It can feel uncomfortable trying to support, or even just talk with, someone in the midst of a severe episode of depression. You don’t want to offend them, or trigger something in them—so what do you say? Some people are so uncomfortable they choose to look, or even run, the other way.
But, by reading this book, you’re proving that you want to try and get beyond that. You want to feel comfortable approaching, being around, talking with, and most importantly, supporting, someone with clinical depression.
That’s the goal of this book—helping you to feel more confident in all aspects of assisting your loved one who is struggling with depression.
Supporting someone who is fighting major depressive disorder can be demanding, even burdensome, at times. But, the encouraging news is that you can learn as much about clinical depression as possible—and with that knowledge you’ll gain empathy, which is exactly what your loved one needs.
I’ve been living with major depressive disorder (aka MDD, or clinical depression, major depression, or severe depression) my entire life. It wasn’t until my most recent severe episode that I realized I needed serious, professional medical help. I sought, and found, that help with the encouragement and assistance of my mother.
Clinical depression is a mental illness, and a mood disorder. Most individuals do have co-existing, co-occurring, or comorbid disorders. This just means that in addition to one main disorder, or main diagnosis, e.g., clinical depression, the person also has at least one other disorder or illness, e.g., obsessive-compulsive disorder (OCD), anxiety, bipolar disorder, eating disorder, terminal illness, substance abuse, etc.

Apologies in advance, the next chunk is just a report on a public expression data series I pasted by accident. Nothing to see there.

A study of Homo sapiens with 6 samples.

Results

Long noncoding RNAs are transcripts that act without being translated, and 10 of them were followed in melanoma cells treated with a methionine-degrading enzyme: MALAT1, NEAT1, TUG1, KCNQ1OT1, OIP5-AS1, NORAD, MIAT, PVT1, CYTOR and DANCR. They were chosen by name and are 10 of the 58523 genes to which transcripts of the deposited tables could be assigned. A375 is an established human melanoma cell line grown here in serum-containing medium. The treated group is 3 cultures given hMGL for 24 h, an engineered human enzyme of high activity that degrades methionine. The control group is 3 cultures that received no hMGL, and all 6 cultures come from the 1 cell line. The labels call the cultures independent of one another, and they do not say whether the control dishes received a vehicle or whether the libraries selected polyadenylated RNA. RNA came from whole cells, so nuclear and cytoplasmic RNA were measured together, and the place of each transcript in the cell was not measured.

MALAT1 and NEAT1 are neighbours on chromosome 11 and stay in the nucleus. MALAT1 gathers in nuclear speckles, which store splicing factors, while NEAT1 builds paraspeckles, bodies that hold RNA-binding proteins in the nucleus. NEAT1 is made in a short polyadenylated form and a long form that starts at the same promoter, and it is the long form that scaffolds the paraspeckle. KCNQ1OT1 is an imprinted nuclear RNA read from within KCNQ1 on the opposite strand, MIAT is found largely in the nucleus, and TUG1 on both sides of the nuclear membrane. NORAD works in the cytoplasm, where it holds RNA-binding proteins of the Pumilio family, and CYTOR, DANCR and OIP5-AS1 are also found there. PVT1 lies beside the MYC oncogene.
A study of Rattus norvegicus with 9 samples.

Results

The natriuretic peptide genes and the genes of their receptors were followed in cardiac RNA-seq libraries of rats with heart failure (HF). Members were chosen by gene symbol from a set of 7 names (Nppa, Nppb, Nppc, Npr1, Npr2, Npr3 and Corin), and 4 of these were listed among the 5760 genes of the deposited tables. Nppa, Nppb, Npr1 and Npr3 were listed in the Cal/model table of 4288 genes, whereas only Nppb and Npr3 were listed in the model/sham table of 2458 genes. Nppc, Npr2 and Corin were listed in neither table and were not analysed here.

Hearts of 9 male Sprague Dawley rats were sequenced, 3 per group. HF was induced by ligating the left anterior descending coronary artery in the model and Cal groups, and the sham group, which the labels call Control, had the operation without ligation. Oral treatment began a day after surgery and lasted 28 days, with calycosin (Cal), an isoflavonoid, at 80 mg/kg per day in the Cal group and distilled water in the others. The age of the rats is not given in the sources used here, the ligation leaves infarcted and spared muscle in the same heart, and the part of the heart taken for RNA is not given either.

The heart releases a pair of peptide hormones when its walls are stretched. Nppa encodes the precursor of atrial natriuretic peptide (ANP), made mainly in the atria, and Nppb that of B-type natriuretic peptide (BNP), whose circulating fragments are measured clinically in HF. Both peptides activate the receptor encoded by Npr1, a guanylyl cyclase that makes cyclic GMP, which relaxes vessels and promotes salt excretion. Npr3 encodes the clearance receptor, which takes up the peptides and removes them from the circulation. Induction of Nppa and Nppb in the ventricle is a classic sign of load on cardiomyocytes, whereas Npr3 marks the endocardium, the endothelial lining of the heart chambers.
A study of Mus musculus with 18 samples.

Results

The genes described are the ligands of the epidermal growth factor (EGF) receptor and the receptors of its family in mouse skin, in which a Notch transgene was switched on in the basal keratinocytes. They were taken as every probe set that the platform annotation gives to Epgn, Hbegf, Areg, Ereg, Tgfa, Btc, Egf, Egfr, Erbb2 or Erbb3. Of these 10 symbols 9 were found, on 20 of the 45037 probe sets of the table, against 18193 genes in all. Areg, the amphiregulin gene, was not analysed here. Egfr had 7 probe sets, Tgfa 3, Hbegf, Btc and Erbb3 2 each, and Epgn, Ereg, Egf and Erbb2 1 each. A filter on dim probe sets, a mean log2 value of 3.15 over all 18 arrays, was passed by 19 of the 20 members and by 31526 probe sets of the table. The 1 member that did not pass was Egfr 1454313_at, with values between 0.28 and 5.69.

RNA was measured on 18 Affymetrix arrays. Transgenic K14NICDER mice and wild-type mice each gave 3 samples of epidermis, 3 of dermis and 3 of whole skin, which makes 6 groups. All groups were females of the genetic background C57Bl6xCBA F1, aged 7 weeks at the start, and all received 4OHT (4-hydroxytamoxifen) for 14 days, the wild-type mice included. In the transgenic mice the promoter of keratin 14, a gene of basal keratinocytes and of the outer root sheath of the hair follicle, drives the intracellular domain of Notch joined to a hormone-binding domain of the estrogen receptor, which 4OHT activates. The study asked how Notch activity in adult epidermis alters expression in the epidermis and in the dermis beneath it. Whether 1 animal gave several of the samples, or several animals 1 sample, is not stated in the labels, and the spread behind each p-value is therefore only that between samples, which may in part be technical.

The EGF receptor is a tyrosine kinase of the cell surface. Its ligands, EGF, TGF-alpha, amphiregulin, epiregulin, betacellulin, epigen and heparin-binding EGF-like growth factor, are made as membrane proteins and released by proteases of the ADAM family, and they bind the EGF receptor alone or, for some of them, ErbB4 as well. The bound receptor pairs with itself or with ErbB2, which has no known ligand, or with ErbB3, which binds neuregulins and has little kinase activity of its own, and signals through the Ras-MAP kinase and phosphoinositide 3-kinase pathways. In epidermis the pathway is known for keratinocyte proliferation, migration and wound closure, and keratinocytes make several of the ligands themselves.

Disorders and illnesses are all unpredictable—I can’t give you tips that will work 100% of the time with your loved one. Unfortunately, that’s just not possible. But, in this book I share some of my experiences, and others’ experiences, to help assist you in getting through the depressive episode your loved one is experiencing. I also share information about what depression really is, suicidal warning signs, depression signs and symptoms, potential treatment options, and helpful resources that include phone numbers and websites geared towards helping you and your loved one finding the help that’s needed for both of you.
I’m still fighting my major depressive disorder, anxiety, and OCD every day—but life can and does go on. Things can get better. Life can feel like it’s worth living again. But, it takes time and a lot of effort.
You’ll find that it’s all worth it—for both you and your loved one.
Christy has a high regard and compassion for all animals—and an especially heartfelt fondness for cats. Volunteering at a no-kill cat shelter in her area, Christy enjoys working with other volunteers to care for (and play with) the kittens and cats. She’s also very appreciative of the opportunity she’s been given to write and edit the shelter’s weekly newsletter.